This is yet another “stolen” recipe from my friend Phoebe. A few weeks ago, I was having a bad day. Phoebe invited me over to her apartment, located in a lovely oasis-like neighborhood in the 20th arrondissement. After climbing up some steep stairs, you encounter a few streets’ worth of cute little houses with plants and trees everywhere. Also, there are always cats running around, which is my favorite part.
Phoebe offered me some cake, still warm from the oven, and it totally hit the spot. For some reason, I have never made or craved marble cake, so I’m surprised I liked it so much. I don’t even remember why I was having a bad day anymore, so you know it’s good!
I got the recipe from her and made it a few weeks later for our end of the year choir party. I used the same substitutions as Phoebe: crème fraîche instead of cream, as well as granulated sugar sprinkled on top to form a bit of a crunchy crust. Try this! You might find a new favorite.
slightly adapted from Marcy Goldman at Foodandwine.com
butter for greasing pan
2 cups flour
2 tsp baking powder
1/4 tsp salt
1.5 sticks (6 oz or 170 grams) unsalted butter, softened
3 tbsp melted unsalted butter
2 tbsp unsweetened cocoa powder (Dutch-process preferred)
1 1/3 cups granulated sugar
2 large eggs
1 tsp vanilla
1/2 cup crème fraîche
a tbsp or two of granulated sugar for sprinkling
1. Preheat oven to 350°F (175°C). Liberally butter an 8×4 inch loaf pan.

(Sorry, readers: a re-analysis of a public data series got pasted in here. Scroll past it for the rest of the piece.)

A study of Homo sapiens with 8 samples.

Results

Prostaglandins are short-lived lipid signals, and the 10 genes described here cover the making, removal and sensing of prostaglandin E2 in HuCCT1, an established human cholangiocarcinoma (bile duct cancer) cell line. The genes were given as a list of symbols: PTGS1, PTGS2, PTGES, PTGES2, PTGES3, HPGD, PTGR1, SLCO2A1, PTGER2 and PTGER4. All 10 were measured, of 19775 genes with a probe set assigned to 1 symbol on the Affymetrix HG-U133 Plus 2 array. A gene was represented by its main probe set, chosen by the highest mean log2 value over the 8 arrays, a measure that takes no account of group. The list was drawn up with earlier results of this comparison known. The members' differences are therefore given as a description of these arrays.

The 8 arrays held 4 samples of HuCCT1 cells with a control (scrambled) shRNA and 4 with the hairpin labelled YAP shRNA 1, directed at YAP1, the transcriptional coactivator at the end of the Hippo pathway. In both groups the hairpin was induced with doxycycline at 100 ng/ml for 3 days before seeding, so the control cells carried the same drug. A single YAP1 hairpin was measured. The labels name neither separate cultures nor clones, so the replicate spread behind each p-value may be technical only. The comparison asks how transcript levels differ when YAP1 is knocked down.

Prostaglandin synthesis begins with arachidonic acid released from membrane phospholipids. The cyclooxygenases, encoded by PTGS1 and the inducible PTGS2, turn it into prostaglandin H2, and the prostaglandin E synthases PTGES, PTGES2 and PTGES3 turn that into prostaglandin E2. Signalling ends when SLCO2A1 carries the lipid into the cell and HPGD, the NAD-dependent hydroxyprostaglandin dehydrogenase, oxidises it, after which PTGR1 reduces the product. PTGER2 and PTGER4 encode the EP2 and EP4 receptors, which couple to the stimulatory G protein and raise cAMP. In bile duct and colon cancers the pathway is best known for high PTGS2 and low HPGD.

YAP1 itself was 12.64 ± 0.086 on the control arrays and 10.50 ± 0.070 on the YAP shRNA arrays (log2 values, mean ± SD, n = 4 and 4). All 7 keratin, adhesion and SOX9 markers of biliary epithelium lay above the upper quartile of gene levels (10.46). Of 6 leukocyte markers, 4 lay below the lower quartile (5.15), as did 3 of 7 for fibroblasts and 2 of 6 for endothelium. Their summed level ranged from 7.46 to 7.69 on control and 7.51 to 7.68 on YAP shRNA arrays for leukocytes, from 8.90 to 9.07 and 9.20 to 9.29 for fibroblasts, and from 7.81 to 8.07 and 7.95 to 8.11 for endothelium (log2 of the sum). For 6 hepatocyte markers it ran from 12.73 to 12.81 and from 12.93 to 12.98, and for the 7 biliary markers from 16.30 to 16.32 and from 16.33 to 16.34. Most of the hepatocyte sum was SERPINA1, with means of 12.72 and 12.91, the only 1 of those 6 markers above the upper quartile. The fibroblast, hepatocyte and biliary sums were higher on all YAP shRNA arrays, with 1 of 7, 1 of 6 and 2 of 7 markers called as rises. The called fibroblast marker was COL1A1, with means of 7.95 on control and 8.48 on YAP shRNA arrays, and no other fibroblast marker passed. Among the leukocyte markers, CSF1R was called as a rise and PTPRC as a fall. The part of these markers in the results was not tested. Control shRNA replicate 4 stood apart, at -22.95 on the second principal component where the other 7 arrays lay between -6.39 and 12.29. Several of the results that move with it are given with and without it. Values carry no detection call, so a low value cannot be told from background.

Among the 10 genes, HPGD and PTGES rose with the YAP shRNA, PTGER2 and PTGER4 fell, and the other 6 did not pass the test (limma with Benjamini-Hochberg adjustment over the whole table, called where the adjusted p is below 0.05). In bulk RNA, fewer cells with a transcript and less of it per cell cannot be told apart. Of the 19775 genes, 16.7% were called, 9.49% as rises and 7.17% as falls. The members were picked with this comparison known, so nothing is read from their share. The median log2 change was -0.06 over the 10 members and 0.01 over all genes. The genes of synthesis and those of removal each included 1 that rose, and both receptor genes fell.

2. In a medium bowl, combine the baking powder and salt.
3. In a different medium bowl, combine the melted butter and cocoa powder.
4. In a food processor, combine the butter with the 1 1/3 cups granulated sugar. You might have to scrape the bowl down a few times, depending on the size of your food processor.
5. Add the eggs and the vanilla, process until all is combined and smooth.
6. Add the dry ingredients to the food processor and process until just combined.
7. Add the crème fraîche and process until smooth.
8. Remove one cup of the batter from the food processor and add to the cocoa mixture. Stir until smooth and combined.
9. Spoon half of the light batter into the pan. Smooth out with a butter knife or spatula.
10. Plop the chocolate batter in large globs on top of the light batter. Spread carefully with a different butter knife or spatula.
11. Plop the remaining light batter on top of the chocolate batter using the same method.
12. Create 4 or 5 swirls with a knife (doesn’t matter which one since you are now mixing them!). It’s not rocket science, just create some sort of swirling, turning pattern with the knife. Just don’t do too many swirls or you won’t have a pretty inside later. But it REALLY won’t matter because it will taste so great!
13. Sprinkle granulated sugar evenly over the top of the cake.
13. Bake the cake for 25 minutes. Reduce heat to 325°F (160°C) and bake for 25 minutes more. At this point, check for doneness by using a toothpick inserted into cake, and looking at the top of the cake. If moist crumbs come out on toothpick and the crust is nicely golden, remove from oven. If it’s not done enough (the crumbs are liquidy and still resemble the batter from before baking) cover with foil and bake 10-15 minutes longer.
14. Remove from oven. Let cool in pan for 10 minutes. Turn cake out onto a cooling rack and let cool almost all the way, then serve warm if possible.
sweetmaddy’s notes: I accidentally overbaked the cake and left it in the pan for too long, so mine was a bit dry. To remedy it, I made a simple syrup of equal parts water and sugar that I heated in a saucepan until dissolved, along with a piece of vanilla bean that I discarded later. Then I brushed the bottom of the cake with the syrup and let it sit upside down in the pan for a few minutes. Moral of the story: FOLLOW THE DIRECTIONS! Be sure to do the toothpick test and remove the cake from the pan after 10 minutes.